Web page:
Ask about motion blur reduction in gaming monitors. Includes ULMB (Ultra Low Motion Blur), NVIDIA LightBoost, ASUS ELMB, BenQ/Zowie DyAc, Turbo240, ToastyX Strobelight, etc.

Nvidia Low Latency mode and ULMB

Postby knypol » 31 Aug 2019, 03:53

I'm curious if with latest feature of Nvidia driver Low Latency Mode "Ultra" do I still need to substract 0.01 frame with vsync on to reduce input lag when using ULMB?

Does it matter if I use double or triple buffer vsync? I found out that triple is much more fluid in Apex. Or should i use Nvidia panel vsync for ulmb?

Postby Chief Blur Buster » 31 Aug 2019, 04:02

The new NVIDIA Low Latency Mode may make the low-lag VSYNC HOWTO less needed -- latency tests are needed.

Triple has more lag. The problem is you're doing a stutter-vs-lag tradeoff.

If you want fluidity, you should use GSYNC/FreeSync instead. It's usually lower lag than low-lag VSYNC ON.

Postby knypol » 31 Aug 2019, 04:10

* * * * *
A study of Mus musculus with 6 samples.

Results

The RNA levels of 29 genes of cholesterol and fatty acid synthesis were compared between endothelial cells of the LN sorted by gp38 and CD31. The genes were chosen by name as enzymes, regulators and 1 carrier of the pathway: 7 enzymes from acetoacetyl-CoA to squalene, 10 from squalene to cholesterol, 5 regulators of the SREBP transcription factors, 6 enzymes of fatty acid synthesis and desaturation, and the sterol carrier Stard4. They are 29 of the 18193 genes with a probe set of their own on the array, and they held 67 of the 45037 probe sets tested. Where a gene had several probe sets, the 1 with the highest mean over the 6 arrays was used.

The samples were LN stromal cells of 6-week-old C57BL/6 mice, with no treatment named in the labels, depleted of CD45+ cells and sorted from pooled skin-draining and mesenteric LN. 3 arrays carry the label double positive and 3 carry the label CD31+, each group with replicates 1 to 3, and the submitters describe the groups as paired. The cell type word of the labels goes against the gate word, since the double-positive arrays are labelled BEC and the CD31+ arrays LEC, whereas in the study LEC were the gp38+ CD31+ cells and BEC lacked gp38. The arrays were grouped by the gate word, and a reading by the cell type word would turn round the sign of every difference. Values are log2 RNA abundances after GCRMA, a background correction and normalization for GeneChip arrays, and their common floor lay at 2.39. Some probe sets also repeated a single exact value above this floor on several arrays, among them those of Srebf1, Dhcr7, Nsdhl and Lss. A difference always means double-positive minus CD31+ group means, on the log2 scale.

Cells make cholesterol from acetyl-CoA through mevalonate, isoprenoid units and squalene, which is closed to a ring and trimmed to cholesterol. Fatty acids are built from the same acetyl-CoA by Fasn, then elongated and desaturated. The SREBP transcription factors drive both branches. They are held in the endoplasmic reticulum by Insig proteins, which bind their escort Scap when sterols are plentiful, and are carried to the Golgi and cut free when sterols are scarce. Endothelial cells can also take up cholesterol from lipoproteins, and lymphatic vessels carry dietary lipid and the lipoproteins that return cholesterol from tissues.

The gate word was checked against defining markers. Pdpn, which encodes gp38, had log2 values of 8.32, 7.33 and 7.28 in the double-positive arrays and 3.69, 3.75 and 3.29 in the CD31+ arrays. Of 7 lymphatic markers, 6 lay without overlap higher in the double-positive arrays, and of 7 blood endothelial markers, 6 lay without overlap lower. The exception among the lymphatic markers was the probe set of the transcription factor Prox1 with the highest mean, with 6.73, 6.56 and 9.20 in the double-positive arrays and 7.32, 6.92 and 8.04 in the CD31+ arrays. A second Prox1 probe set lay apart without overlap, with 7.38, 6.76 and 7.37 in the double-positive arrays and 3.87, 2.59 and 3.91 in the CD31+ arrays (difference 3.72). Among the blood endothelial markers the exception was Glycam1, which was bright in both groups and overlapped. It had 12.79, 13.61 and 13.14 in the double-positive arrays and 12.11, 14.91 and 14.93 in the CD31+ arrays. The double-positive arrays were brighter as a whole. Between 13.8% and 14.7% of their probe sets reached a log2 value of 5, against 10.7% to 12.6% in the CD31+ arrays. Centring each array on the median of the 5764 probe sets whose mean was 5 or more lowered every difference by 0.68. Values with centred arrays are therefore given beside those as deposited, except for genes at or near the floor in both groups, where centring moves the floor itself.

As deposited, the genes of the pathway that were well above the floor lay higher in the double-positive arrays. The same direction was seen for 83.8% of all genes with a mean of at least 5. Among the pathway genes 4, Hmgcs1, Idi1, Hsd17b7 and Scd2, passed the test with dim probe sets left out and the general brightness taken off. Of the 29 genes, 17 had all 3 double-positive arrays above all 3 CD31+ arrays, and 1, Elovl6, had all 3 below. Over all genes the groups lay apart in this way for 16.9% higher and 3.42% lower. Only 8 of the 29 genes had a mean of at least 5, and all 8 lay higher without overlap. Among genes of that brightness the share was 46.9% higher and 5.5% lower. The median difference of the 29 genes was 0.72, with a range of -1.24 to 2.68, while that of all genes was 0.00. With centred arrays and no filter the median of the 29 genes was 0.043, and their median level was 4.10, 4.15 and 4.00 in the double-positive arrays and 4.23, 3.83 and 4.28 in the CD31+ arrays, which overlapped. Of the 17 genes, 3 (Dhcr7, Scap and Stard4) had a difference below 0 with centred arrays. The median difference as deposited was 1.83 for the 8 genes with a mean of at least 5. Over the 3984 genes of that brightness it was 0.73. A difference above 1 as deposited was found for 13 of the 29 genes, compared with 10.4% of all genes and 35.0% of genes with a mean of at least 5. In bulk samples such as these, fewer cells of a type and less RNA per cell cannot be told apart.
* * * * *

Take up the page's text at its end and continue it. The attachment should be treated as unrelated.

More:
hmm U sure that triple has more lag than double?

Postby jorimt » 31 Aug 2019, 06:36

^ With framerates below the refresh rate, typically, yes, it does; "triple" buffer (obviously) means three buffers, whereas "double" means two.

Triple buffer only has less input lag than double buffer when the "triple" we're talking about is a Fast Sync variant (or the like), and only when the framerate is above (usually well above) the refresh rate.

For reference, as stated in G-SYNC 101:
https://www.blurbusters.com/gsync/gsync ... ettings/4/

As for “triple buffer” V-SYNC, while the subject won’t be delved into here due to the fact that G-SYNC is based on a double buffer, the name actually encompasses two entirely separate methods; the first should be considered “alt” triple buffer V-SYNC, and is the method featured in the majority of modern games. Unlike double buffer V-SYNC, it prevents the lock to half the refresh rate when the framerate falls below it, but in turn, adds 1 frame of delay over double buffer V-SYNC when the framerate exceeds the refresh rate; if double buffer adds 2-6 frames of delay, for instance, this method would add 3-7 frames.

“True” triple buffer V-SYNC, like “alt,” prevents the lock to half the refresh rate, but unlike “alt,” can actually reduce V-SYNC latency when the framerate exceeds the refresh rate. This “true” method is rarely used, and its availability, in part, can depend on the game engine’s API (OpenGL, DirectX, etc).

A form of this “true” method is implemented by the DWM (Desktop Window Manager) for borderless and windowed mode, and by Fast Sync, both of which will be explained in more detail further on.